Solar energy solutions company Solardura has completed the installation and commissioning of a large-scale solar water heating system for the Blessed Gérard Care Centre in Mandeni, KwaZulu-Natal.
The system will provide 4 000 ℓ/d of solar preheated water for the centre, which serves as a hospice, a clinic and a care centre.
Solardura cofounder Rolf Köstlin tells Engineering News that the installation began at the end of February and the system was commissioned in March.
The system consists of 24 solar flat-plate collectors, covering 61.7 m2; three 2 000 ℓ stratified buffer tanks; a stratified charging module, including controllers with data logger and remote access; and a freshwater module, which includes controllers and ring main feeding.
“Compelled by the rising energy costs and the increasing need for reducing the carbon footprint, the care centre requested Munich-based energy research institute Forschungsgesellschaft für Energiewirtschaft (FfE) to perform an energy audit of the centre in 2013. In its findings, the FfE recommended, among other aspects, a large-scale solar water heating system,” Köstlin reveals.
He adds that, after willing donors had agreed to contribute towards the project, several reputable European solar thermal energy companies were approached. The contract was finally awarded to Austria-based Sonnenkraft, owing to its strong local partnership with Solardura.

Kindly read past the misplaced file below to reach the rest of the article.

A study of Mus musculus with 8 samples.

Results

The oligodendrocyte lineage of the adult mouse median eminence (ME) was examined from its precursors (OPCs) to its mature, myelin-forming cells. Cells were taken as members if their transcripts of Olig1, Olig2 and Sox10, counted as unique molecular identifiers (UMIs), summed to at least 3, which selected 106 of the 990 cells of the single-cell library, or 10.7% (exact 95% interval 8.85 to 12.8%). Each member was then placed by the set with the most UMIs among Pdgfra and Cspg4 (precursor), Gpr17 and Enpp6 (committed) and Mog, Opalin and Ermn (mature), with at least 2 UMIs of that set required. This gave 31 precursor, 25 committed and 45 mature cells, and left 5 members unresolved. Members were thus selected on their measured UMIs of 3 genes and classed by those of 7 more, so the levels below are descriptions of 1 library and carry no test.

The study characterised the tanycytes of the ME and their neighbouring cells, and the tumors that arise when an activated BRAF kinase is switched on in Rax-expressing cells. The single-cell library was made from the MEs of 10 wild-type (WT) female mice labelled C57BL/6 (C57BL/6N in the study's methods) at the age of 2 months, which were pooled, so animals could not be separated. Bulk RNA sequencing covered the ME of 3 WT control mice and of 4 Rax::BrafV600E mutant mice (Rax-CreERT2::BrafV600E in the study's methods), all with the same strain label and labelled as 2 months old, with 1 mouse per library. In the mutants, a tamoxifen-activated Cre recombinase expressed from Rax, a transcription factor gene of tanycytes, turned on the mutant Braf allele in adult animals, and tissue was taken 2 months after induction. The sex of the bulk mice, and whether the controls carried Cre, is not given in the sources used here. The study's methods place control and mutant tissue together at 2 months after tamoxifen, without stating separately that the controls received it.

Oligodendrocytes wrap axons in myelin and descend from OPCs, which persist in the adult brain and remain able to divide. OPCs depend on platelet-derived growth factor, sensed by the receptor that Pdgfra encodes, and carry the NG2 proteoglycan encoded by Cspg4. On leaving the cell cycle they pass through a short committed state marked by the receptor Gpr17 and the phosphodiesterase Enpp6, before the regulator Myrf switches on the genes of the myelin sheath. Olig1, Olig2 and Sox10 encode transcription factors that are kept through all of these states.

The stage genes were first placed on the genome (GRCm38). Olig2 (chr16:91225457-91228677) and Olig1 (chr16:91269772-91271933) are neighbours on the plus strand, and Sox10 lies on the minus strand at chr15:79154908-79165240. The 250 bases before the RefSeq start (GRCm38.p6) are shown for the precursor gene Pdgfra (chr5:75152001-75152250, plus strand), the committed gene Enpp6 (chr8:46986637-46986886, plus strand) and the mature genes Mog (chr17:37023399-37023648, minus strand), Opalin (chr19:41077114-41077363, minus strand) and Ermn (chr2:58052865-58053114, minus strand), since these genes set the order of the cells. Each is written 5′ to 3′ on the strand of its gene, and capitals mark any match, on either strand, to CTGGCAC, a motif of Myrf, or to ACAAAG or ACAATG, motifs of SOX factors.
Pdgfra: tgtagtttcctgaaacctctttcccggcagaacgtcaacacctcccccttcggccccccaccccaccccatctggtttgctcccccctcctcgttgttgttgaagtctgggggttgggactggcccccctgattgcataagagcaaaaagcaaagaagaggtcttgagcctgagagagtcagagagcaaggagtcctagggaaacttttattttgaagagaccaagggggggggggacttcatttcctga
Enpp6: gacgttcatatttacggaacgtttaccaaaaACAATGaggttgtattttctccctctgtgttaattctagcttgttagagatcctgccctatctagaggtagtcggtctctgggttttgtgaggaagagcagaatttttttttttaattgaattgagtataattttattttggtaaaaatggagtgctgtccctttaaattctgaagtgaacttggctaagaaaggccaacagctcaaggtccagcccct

The system is expected to yield up to 53.458 MWh a year of energy from the sun, resulting in a large reduction of electricity use when heating water.
A stratified charging module transfers this energy from the collectors to three stratified backup tanks. The charging module determines the energy available in the collectors and at the top and bottom of the tanks. It also optimises the energy transfer accordingly by circulating the hot water either to the top or to the bottom of the backup tanks.
A nontoxic, biodegradable glycol-water mixture is used as heat transfer fluid in the collectors to reduce corrosion and optimise the heat transfer.
Hot water – required in the bathrooms, kitchen, laundry, staff apartments and guest quarters – is prepared by a freshwater module and distributed by three ring main lines, ensuring that the water is always hot at the consumer end points.
The freshwater module heats water instantly on demand by transferring energy from the backup tanks to the freshwater. The freshwater module can heat 225 ℓ of water a minute, which equates to 500 kW of heating power.
The care centre will, therefore, save on costs by reducing its monthly electricity bill. It will also reduce its yearly carbon footprint by an estimated 7 580 kg.
The system’s performance will be monitored remotely by Solardura and Sonnenkraft using a secure Internet connection. Optimisation of the system parameters will also be implemented, where necessary, through this remote connection.